Although seemingly simply written, these are some of the most sophisticated stories I have ever read. Barthelme is so even tempered, so subtly loving, and so good at fixing upon key details that bring a scene to life that his work is both a joy to read and a reward to study. His subject, the “New South,” with its strip malls and pierced adolescents, is much less differentiated than Faulkner’s, and much less expansive than Hemingway’s grandiose global stage of writerly operations. Yet Barthelme’s prose is more than up to the task of rendering this less differentiated south, and his writerly consciousness, on covert display in these finely wrought works of art whose mundane subject matter belies their grandeur, exhibits a cryptic machismo beyond Hemingway’s would be all-inclusive ken. Barthelme also shines in comparison to the gargantuan novels and experiments in verbal excess now routinely turned out by the graduates of MFA programs, and predictably praised on book jackets, in what, splashing ink rather than light, amount to acts of mercantile onanism by literate but not literary employees of publishing conglomerates who mistake grandiloquence for greatness, which they imagine they can manufacture. I am guessing, but Barthelme may have gained an advantage at the beginning of his story writing career because he wanted to distinguish himself (as detailed in the Introduction) from his older brother Donald Barthelme, whose literary experiments, though widely admired, inspired him to gravitate towards a different aesthetic. The result, in its mature form, on display here is not only an aesthetic, but a human triumph: the stories, as apparently the man, never overreach and, like most great art, conceal difficult, highly wrought craft in t seemingly effortless compositions. The novel has been defined as “a mirror taken on the road.” Not everyone will identify with the hyperrealistic images captured (the protagonists’ recurring fetish for pretty television newscasters comes to mind), but anyone interested in art must admire the power and precision of these stories’ narrative lens.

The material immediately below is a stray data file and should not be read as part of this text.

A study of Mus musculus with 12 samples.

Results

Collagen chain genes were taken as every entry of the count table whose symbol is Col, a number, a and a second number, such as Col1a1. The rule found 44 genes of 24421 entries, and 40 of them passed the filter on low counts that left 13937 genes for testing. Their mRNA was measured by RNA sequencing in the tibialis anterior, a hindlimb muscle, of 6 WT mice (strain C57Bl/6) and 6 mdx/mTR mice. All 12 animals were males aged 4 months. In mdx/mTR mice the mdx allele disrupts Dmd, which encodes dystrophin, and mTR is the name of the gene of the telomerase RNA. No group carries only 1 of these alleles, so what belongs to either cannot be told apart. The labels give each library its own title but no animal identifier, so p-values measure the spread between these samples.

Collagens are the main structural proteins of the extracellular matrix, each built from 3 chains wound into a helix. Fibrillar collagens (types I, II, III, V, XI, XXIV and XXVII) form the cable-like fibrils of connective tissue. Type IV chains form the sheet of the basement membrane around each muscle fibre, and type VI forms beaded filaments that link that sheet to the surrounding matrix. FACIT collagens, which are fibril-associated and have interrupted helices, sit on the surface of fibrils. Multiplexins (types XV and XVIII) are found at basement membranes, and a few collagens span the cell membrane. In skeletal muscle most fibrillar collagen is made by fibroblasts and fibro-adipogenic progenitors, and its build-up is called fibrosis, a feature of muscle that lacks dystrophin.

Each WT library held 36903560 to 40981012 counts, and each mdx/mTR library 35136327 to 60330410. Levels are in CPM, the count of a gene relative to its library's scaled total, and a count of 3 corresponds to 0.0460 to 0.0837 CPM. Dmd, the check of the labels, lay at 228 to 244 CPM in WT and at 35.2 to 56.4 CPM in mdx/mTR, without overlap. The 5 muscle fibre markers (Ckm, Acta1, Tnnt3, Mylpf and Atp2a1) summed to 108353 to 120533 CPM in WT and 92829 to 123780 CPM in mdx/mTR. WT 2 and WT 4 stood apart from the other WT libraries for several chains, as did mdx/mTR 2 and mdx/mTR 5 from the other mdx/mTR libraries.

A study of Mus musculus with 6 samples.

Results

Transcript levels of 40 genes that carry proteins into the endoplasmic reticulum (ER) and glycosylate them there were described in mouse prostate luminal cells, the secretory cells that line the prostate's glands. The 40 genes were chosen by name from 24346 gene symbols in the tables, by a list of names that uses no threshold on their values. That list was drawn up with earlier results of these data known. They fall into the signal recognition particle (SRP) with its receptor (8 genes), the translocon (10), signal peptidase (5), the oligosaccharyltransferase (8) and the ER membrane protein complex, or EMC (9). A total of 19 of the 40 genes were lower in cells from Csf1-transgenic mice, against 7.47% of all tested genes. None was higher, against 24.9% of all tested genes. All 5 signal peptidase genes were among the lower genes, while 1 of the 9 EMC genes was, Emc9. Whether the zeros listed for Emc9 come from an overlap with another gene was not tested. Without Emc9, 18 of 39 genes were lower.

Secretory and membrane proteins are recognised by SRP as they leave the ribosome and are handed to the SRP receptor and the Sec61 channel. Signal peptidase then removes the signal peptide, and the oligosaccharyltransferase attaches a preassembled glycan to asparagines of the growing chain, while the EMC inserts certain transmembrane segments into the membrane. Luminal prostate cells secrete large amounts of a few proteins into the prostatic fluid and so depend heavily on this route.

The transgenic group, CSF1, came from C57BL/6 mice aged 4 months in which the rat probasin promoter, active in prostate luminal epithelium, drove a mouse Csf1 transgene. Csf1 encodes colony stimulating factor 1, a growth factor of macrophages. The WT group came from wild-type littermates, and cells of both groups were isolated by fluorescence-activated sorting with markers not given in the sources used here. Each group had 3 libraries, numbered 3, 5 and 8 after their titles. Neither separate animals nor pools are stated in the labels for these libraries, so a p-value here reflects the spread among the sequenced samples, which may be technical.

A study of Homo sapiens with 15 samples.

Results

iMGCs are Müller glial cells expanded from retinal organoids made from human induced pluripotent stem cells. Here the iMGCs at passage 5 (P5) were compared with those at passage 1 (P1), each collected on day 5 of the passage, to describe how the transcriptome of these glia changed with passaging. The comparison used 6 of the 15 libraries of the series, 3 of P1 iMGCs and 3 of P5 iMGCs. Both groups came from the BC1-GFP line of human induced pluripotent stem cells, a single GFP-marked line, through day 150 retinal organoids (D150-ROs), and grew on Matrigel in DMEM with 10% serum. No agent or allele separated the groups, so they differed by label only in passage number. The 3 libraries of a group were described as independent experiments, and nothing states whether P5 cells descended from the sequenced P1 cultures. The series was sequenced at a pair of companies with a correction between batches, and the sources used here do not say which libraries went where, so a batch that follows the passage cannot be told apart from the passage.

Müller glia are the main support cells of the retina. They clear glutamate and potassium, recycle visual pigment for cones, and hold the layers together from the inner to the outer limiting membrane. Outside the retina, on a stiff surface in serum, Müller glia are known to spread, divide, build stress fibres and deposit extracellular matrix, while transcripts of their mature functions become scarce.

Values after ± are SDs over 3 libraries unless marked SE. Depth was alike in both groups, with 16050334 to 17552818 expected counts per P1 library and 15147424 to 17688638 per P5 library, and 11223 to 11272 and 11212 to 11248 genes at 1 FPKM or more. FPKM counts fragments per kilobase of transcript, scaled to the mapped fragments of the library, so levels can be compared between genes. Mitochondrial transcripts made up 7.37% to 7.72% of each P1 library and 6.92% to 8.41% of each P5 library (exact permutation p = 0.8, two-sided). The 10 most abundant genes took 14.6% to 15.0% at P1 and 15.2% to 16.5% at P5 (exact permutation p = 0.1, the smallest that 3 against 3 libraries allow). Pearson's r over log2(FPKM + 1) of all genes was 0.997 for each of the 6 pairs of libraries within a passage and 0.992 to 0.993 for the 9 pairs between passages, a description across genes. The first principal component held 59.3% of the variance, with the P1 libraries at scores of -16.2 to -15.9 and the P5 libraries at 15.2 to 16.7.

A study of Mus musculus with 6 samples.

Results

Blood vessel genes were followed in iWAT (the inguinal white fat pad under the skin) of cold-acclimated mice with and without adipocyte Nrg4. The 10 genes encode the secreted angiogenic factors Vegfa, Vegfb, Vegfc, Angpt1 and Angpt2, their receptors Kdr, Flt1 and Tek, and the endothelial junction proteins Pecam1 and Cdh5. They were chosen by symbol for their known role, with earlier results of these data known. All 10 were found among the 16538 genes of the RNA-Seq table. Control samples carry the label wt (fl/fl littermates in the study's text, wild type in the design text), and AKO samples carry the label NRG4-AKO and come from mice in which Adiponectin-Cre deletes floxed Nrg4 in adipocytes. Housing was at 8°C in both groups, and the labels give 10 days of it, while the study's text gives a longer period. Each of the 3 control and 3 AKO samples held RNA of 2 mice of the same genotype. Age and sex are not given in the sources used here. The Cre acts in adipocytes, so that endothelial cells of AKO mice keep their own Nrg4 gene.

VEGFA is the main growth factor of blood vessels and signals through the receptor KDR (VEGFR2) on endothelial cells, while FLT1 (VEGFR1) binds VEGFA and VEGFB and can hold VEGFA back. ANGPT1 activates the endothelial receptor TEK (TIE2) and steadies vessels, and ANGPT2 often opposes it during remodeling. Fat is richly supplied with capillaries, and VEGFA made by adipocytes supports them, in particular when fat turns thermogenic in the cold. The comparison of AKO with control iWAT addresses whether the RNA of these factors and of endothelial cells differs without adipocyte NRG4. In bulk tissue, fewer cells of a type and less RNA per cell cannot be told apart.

—Dorion Sagan, author of The Devil’s Comic (2000) and co-author of Pack of Lies (forthcoming).
You watch the pretty salesgirl slide a box of Halston soap onto a low shelf, watch her braid slip off her shoulder, watch like an adolescent as the vent at the neck of her blouse opens slightly — she is twenty, maybe twenty-two, tan, and greatly freckled. She wears a dark blue V-neck blouse without a collar, and her skirt is white cotton, calf length, slit up the right side to a point just beneath her thigh. Her hair, a soft blond, is pulled straight and close to the scalp, woven at the back into a single thick strand. In the fluorescent light of the display cabinet her eye shadow shines.
She catches you staring and gives you a perfunctory but knowing smile, and you turn quickly to study the purses on the chrome rack next to where you stand. You are embarrassed. You open a large red purse from the rack and stick your hand inside, pretending to inspect the lining. Then you lift the purse to your face as if the smell of it will help you determine the quality of the leather. The truth is that having sniffed the skin of the purse, you don’t know what material it is, and, for just an instant, that troubles you. You look more closely at the purse, twisting the lip a little so you can see the label, on which, in very small print, it says: MAN-MADE MATERIALS.
After what seems like a long time, you glance again at the perfume counter: the girl is not there. You drop the red purse back onto its hook, and stand on your toes looking for the girl. Then you start toward the center of the purse department for a clearer view.
“Can we help you with something?”
It’s the salesgirl in Purses. She’s thin, a brunette, with stylized makeup that seems to carve her face. She’s wearing a thin black silklike dress — a sundress, and her shoulders are bare. She has caught you off guard and presses her advantage by putting a smooth hand with perfect red nails on your forearm.
“Well,” you begin, “I was looking for a gift.”
“Of course you were,” the girl says. The tone is patronizing. She has seen you staring at the blond girl in Perfumes.
“For my wife,” you say.
“Something in the way of a purse,” she says. “Or perhaps a nice perfume?”
“I’d better go,” you say, but she tightens her grip on your arm and glances over a lightly rouged shoulder at a middle-aged woman who is standing impatiently at the far end of the purse department.
“I have a customer,” the salesgirl says. “But why don’t you wait a minute and talk to me? Jenny says you’re very handsome but painfully shy — are you shy? Will you wait?”